The northernmost wine district in Burgundy is not only home to some of the most sought after vintages, it also happens to be staggeringly stunning. Nicknamed the “Golden Door of Burgundy,” the village of just 2,500 occupants has numerous remarkable edifices, including the City Hall, the Porte-Noël, St Martin’s Church and the Maison de l’Obédiencerie, a historic building in which ancient wooden press is hidden.
But what most visitors truly seek in Chablis is the wine. The flowery, crisp white nectar is made exclusively from Chardonnay grapes and isn’t quite as fruity as other white wines typically found in Burgundy. Monks from the Abbey of Pontigny, upon settling on the slopes surrounding the River Serein in the Dark Ages, realized that the microclimate they found themselves in could only bring novel flavors to their cultivation. Indeed, the chillier temperatures slightly stimulate the acidity of the grapes, which is only further enhanced by the stainless steel tanks used by local wine-makers, rather than traditional oak tanks.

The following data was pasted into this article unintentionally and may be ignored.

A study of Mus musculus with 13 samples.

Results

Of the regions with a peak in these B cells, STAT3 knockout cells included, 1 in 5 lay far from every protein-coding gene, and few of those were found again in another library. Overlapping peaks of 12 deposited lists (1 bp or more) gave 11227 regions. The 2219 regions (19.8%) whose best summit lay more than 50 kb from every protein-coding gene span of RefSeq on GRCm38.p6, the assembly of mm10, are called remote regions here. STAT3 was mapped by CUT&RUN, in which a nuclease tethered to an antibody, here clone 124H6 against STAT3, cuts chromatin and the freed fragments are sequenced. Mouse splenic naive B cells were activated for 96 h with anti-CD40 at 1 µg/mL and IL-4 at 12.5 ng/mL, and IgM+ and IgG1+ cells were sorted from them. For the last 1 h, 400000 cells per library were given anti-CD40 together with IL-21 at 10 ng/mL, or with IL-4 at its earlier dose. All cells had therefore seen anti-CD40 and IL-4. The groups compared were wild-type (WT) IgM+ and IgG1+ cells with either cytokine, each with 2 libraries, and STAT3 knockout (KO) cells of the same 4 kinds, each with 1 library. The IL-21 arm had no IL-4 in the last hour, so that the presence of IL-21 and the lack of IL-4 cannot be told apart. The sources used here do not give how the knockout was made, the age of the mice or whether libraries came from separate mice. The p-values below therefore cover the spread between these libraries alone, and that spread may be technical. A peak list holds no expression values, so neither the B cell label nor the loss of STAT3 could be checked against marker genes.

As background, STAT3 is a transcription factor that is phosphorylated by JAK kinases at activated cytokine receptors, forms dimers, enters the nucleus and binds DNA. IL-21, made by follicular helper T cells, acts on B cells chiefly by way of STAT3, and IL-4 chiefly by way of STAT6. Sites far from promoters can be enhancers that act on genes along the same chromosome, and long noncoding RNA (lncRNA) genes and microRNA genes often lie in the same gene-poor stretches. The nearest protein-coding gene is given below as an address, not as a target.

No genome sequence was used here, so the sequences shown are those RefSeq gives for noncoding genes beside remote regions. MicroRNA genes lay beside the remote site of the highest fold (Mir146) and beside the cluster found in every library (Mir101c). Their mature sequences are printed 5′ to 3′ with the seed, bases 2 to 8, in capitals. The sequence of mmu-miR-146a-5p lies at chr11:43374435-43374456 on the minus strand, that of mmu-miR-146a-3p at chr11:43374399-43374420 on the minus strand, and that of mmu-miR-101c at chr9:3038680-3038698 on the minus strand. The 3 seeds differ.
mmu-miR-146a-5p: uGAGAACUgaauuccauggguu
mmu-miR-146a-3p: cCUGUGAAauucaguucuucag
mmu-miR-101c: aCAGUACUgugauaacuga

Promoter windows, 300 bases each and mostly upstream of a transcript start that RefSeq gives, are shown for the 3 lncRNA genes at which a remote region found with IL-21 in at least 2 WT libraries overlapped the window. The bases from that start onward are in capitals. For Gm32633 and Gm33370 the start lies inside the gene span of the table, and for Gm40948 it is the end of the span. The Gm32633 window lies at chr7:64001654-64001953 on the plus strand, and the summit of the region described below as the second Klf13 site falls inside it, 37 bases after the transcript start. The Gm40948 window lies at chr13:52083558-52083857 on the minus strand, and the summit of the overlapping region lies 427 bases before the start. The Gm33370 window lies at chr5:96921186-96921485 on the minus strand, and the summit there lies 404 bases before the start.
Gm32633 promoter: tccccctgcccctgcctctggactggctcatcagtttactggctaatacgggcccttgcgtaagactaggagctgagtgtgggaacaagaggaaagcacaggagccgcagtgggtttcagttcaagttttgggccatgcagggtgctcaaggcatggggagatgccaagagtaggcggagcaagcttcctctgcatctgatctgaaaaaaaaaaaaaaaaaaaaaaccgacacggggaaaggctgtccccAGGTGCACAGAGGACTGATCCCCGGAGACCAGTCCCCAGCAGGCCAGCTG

There are various vineyards and cellars open to visitors in Chablis, each worth a visit; the most popular one being William Fevre, where wine aficionados can taste different Chablis wines by the glass and eat regional delicacies in the atmospheric setting of the village’s historic hospital, surrounded by 51 hectares of vineyards.
Visitors can access Chablis by car from Dijon via the A38 and the A6 in about an hour and a half (85 miles/137 km), as well as from Paris via the A6 in just under two hours (116 miles/187 km). William Fevre (10 rue Jules Rathier) is open every day from March to November, from 9:30 a.m. to 12:30 p.m. and from 1:30 p.m. to 6 p.m. On Sundays, they are open from 10:30 a.m. to 12:30 p.m. and from 2:30 p.m. to 4 p.m.